Our chickens are different in every way.

We don't raise our animals in cages, so they're not stressed. This doesn't just help us sleep at night, it also improves the flavor and texture. To the same end, we harvest the chickens at a local facility, eliminating the long truck ride to a mass processing plant. Again, this lowers stress and improves the end product. 

During the flocks' lifespan, they live outdoors with access to safe shelter. This gives them the natural environment they were created to enjoy, and enjoy they do. They consume lush pasture grass, bugs, worms and an organic blend of locally milled feed with probiotics. In turn, they aerate and fertilize the pasture, building the soil's health instead of stripping it. Pasture where our chickens roam turns bright, vibrant green just days after they are moved. Remember, the "free range" label in grocery store chickens rarely means exposure to sunshine or fresh air. Cage-free labels only guarantee the housed birds have had enough room to hurt each other, not outdoor access. Curious consumers are those who recognize flawed labeling and check out local farms for alternatives. 

Our practices translate into a completely different product for your family's kitchen table. People opt for organic, pasture-raised birds for one of two reasons: To avoid pesticide exposure, or to consume more nutrient-dense foods. We know, because we're consumers, too! Our birds do both, eliminating the cancer-causing arsenic, routine medicines and other appetite stimulants that are found in "natural" chickens at the grocer's, plus offering a meat that is packed with vitamins and minerals not present in their conventional counterparts. Here is a sample table taken from a 2013 study published by the American Pastured Poultry Producer Association:


From the study's author.

"Vitamin D is a fat soluble vitamin that can be synthesized from exposure to sunlight, with a limited amount coming from the food we eat. It aids bone development and helps the body absorb calcium."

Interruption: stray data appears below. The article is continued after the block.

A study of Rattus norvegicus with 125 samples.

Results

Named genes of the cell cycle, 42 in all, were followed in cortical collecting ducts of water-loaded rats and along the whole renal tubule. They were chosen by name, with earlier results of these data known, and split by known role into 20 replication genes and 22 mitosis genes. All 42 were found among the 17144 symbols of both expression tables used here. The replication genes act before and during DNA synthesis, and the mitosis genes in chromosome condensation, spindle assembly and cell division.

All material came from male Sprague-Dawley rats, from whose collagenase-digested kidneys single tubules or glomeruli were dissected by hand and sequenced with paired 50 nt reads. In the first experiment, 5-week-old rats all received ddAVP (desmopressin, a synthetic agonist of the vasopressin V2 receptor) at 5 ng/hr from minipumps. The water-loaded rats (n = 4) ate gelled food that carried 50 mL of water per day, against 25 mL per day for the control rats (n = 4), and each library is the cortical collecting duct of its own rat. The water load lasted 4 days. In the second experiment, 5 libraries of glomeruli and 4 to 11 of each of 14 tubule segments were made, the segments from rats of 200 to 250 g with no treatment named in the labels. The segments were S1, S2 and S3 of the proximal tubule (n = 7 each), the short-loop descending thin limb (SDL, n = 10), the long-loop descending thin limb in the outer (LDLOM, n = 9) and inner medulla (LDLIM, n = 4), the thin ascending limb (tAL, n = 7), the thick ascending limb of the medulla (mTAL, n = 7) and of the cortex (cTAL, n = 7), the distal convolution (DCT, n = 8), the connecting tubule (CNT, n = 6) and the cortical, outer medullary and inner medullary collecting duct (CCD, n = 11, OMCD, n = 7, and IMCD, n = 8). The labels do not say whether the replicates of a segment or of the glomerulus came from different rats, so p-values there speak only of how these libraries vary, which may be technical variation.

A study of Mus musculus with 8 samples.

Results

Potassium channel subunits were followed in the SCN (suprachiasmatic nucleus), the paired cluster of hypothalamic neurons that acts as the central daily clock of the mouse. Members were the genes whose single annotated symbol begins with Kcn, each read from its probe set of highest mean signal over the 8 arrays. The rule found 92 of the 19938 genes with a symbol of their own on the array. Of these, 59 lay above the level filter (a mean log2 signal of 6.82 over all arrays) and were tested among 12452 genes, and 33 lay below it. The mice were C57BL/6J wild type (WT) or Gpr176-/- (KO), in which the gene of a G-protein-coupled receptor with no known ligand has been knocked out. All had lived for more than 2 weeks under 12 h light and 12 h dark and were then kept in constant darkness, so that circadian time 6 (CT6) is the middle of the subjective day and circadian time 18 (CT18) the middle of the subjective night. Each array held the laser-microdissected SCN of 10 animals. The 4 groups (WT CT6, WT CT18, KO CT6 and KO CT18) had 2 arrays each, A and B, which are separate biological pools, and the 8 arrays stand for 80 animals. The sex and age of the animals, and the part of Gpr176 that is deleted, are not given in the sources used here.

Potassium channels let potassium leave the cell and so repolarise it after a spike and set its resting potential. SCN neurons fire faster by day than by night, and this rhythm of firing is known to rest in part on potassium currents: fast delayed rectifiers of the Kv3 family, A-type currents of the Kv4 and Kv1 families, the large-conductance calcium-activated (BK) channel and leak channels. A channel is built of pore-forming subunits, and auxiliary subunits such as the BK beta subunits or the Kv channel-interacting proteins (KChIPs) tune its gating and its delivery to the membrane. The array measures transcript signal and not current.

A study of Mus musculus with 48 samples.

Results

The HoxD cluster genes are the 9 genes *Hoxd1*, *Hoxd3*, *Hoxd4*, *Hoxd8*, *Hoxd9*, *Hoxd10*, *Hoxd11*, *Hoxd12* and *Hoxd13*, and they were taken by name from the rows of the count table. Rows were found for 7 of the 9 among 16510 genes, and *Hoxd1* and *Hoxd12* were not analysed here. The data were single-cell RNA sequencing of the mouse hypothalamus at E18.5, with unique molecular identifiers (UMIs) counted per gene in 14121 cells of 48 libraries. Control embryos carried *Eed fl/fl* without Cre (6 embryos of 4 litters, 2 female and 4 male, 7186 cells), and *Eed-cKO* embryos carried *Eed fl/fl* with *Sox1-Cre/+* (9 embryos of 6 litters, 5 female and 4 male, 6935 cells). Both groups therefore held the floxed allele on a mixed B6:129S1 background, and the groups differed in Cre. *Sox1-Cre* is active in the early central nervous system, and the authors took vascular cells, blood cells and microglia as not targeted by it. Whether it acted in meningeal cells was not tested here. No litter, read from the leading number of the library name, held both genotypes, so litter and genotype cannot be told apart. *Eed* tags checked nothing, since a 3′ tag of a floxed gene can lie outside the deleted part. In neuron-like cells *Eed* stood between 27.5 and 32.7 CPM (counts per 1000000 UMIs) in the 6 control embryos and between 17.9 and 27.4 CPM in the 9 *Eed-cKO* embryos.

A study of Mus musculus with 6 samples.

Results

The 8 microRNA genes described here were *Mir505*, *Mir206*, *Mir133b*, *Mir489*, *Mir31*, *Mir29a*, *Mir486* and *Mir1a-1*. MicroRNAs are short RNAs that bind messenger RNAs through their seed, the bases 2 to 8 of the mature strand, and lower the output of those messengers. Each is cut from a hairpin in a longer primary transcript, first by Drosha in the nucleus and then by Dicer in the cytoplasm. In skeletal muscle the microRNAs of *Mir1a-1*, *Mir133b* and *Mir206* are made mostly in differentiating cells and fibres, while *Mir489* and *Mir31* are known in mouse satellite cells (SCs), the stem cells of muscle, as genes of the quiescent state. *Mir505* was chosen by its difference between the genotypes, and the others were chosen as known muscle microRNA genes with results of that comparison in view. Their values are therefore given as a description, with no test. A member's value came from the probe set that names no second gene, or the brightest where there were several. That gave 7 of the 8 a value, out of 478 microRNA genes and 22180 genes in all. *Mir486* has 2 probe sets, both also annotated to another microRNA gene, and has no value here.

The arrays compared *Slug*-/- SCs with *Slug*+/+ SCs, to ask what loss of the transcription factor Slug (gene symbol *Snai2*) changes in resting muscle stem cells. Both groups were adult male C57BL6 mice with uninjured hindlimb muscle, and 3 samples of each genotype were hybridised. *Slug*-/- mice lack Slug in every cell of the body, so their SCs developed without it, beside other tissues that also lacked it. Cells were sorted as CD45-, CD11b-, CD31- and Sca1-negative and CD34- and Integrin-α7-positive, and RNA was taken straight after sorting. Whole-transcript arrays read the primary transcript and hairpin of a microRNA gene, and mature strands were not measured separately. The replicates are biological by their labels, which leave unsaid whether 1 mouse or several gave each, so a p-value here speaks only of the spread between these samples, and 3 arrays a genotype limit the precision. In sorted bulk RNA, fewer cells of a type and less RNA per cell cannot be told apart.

A diet deficient in Vitamin D is only able to absorb half the amount of dietary calcium than a diet with adequate Vitamin D [2]. The laboratory testing measured the amounts of D2 and D3 in the broiler carcasses. Vitamin D2 is typically obtained from green plants, while D3 is primarily obtained from exposure to sunlight. 

Vitamin D2 levels for all samples were below the limits detectable by the test, which was 8 IU/100 g. Dr. Michael Holnick, author of the Vitamin D Solution, says, “Numerous epidemiologic studies suggest that exposure to sunlight, which enhances the production of vitamin D3 in the skin, is important in preventing many chronic diseases. Because very few foods naturally contain vitamin D, sunlight supplies most of our vitamin D requirement” [2]. APPPA’s results indicate that the pasture-raised broilers contained an average of 17.8 IU/100 g of vitamin D3, while the USDA’s National Nutrient Database for Standard Reference does not list a specific value for vitamin D3.The non-pastured test samples did not detect any vitamin D3 greater than the minimum test threshold of 0.500 IU/100g. The high presence of vitamin D3 in the pastured broiler carcasses indicates the influence the exposure to sunlight has on the chickens.     

Vitamin E is generally recognized as an important part of the diet that isbeneficial to many organs. It acts as an antioxidant. On average, the vitamin E results of the pasture-raised broilers were 408% higher than the USDA’s National Nutrient Database for Standard Reference value. The pasture-raised broilers had an average 1.86 IU/100g while the standard reference is 0.367 IU/100g.   

References [1] Gorkski, Barb. Nutritional Analysis of Pastured Poultry Products. APPPA Grit. 2000.   [2] Holick MF. Vitamin D: importance in the prevention of cancers, type 1 diabetes, heart disease, and osteoporosis. Am J Clin Nutr. 2004 Mar;79(3):362-71.Review. Erratum in: Am J Clin Nutr. 2004 May;79(5):890. PubMed PMID: 14985208.   [3] Kris-Etherton PM, Taylor DS, Yu-Poth S, Huth P, Moriarty K, Fishell V,Hargrove RL, Zhao G, Etherton TD. Polyunsaturated fatty acids in the food chain in the United States. Am J Clin Nutr. 2000 Jan;71(1 Suppl):179S-88S. Review. PubMed PMID: 10617969.   [4] Nutrition Facts: Chicken, broilers or fryers, breast, meat and skin, raw. Self Nutrition Data. http://nutritiondata.self.com/facts/poultry-products/696/2   [5] Simopoulos AP. The importance of the ratio of omega-6/omega-3 essential fatty acids. Biomed Pharmacother. 2002 Oct;56(8):365-79. Review. PubMed PMID: 12442909.    [6] USDA National Nutrient Database for Standard Reference (Release 26). Full Report (All Nutrients): 0507, Chicken, broilers or fryers, breast, meat and skin, raw. http://ndb.nal.usda.gov/ndb/foods/show/850.